The expansion of the European Union over recent decades, increased infrastructure developments and the transition of many states from emerging into developed markets, have all contributed to the emergence of new industrial and distribution hubs.
As Europe’s population increasingly shops online, the ongoing structural shift from retail to warehouse space is gaining momentum.
Ecommerce in Europe is expected to be worth €717 billion by the end of 2020, although most of this spend is still concentrated in Western Europe (RetailX). After Germany, Great Britain and France, Italy and Spain are the largest logistics markets in Europe.
Germany – located centrally in Europe – has always been the largest logistics market. It is home to some of the most globally active freight forwarding, warehousing and fulfilment companies. Every listing of the top ten logistics players in a given country in Europe shows up to half a dozen logistics companies originating from Germany.
Across Germany, warehousing demand has generally stayed strong in 2020. The COVID-19 crisis has led to the slowing of many industrial markets, however, to some extent this has been balanced out by the growth of eCommerce.
Boasting a universal port, Hamburg has long been a strategically important location for many logistics companies, with retail (24 percent of total space) and manufacturing (14 percent of space) warehouses in high demand.
Buffeted by recent economic uncertainties relating to import and export trade, Hamburg has seen its lowest half-yearly take-up volumes since the financial crisis, though commentators expect confidence to return to the market in 2021 (BNP Paribas RE).
Hamburg ranks as the tenth most expensive location to build warehousing in our index. Generally higher costs and regulatory challenges surrounding the building of warehouses in Germany is leading to the displacement of warehousing across the border into neighbouring Poland.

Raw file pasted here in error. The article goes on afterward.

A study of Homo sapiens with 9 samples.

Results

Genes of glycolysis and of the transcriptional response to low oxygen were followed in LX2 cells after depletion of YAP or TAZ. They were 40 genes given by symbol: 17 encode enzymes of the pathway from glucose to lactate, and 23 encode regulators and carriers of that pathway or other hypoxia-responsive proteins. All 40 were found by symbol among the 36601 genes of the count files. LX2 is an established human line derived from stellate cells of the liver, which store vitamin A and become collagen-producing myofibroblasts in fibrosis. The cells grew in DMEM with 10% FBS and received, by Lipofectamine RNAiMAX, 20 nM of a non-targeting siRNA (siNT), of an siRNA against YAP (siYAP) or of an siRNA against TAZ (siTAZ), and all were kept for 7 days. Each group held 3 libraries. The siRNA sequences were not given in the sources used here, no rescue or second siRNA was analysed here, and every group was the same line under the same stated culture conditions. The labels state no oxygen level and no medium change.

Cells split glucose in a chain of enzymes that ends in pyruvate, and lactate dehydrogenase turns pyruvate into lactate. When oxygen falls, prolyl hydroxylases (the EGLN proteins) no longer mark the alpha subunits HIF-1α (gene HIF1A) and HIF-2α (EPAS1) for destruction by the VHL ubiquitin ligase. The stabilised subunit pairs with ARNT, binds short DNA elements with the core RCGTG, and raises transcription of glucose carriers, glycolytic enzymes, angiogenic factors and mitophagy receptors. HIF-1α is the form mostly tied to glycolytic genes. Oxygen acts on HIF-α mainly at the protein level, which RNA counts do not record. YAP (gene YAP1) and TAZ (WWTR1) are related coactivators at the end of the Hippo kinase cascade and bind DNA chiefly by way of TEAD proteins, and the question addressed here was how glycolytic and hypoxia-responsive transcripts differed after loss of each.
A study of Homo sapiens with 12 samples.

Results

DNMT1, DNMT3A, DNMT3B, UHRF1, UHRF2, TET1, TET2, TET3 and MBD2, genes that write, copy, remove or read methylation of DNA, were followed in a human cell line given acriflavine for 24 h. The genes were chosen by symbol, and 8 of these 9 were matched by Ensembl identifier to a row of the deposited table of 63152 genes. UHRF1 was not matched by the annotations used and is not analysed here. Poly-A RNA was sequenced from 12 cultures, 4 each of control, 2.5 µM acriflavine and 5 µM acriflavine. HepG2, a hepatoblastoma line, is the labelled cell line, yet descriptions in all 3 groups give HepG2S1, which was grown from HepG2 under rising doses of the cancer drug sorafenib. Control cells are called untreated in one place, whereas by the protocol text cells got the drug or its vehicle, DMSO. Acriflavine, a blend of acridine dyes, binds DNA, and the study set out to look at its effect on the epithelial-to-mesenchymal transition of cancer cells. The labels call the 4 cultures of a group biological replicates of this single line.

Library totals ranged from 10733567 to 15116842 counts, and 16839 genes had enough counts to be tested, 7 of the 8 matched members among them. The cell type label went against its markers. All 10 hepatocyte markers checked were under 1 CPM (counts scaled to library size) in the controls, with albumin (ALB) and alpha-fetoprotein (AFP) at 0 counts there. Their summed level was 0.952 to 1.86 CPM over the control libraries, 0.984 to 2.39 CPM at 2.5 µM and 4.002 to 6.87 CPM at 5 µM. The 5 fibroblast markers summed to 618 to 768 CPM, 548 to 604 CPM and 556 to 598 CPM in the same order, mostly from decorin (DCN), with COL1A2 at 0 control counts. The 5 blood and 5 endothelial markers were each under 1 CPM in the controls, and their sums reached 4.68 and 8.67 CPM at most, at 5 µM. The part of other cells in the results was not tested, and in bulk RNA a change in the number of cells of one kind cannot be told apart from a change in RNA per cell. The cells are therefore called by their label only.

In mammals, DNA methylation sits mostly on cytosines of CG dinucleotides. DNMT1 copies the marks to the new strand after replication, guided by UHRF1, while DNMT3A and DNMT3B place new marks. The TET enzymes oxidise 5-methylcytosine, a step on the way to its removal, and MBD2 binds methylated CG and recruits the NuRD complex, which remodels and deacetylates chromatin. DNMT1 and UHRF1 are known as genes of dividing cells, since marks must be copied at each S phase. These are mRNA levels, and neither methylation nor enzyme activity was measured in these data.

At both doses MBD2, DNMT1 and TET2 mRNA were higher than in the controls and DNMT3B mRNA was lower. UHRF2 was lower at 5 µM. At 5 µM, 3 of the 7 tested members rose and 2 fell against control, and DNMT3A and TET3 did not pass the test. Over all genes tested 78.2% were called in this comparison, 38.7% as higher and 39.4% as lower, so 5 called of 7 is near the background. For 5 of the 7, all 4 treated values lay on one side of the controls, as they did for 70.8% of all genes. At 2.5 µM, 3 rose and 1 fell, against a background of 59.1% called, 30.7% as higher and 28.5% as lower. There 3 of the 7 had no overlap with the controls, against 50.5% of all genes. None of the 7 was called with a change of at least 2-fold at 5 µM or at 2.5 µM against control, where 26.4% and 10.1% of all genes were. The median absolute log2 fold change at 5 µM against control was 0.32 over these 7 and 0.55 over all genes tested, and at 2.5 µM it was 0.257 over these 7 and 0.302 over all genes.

Despite enjoying strong economic growth in recent years, Poland remains a much cheaper option when renting or building warehouse space, which has spurred a proliferation of logistics developments.
Furthermore, Poland is positioned as a gateway point for the ‘Belt and Road Initiative’, which has created the opportunity for the country to become a key conduit for trade between China and Europe. Prologis, one of the world’s most dominant logistics players, has 2.4m square meters of state-of-the-art logistics facilities in Poland with easy access to Belt and Road infrastructure.
‘Randstad’ in the central-western Netherlands is a cluster of the four largest Dutch cities, containing the ports of Rotterdam and Amsterdam, and Schiphol airport, all of which are some of the busiest logistics interchanges in Europe and the world.
Around 300 million consumers can be reached within a 500-kilometre radius, explaining why it such a hotspot for warehouse demand.
Dublin is a hot market for warehousing currently. At the end of June, about 71,000 square metres of new industrial accommodation was under construction close to the city (Indepdendent.ie).
Amazon recently leased its first eCommerce warehouse in this location and is reported to be finalising plans to rent more space in the capital to allow for further expansion.
France is another large market within Europe with many international players active in the freight forwarding and warehousing sector.
Supported by its high-speed rail network, France’s infrastructure is strong relative to other comparable markets, further encouraging local warehouse and logistics investment.
Spain is a mature economy and its logistics market was one of the fastest-growing in Europe before the pandemic. The country has been hit hard by the crisis, but market players are already positioning for the return to post-pandemic ‘business as usual’.
Italy has a globally connected economy and is geographically well located by the Mediterranean Sea. eCommerce is growing here, as it is in other European countries, driving investments into new warehousing and distribution infrastructure.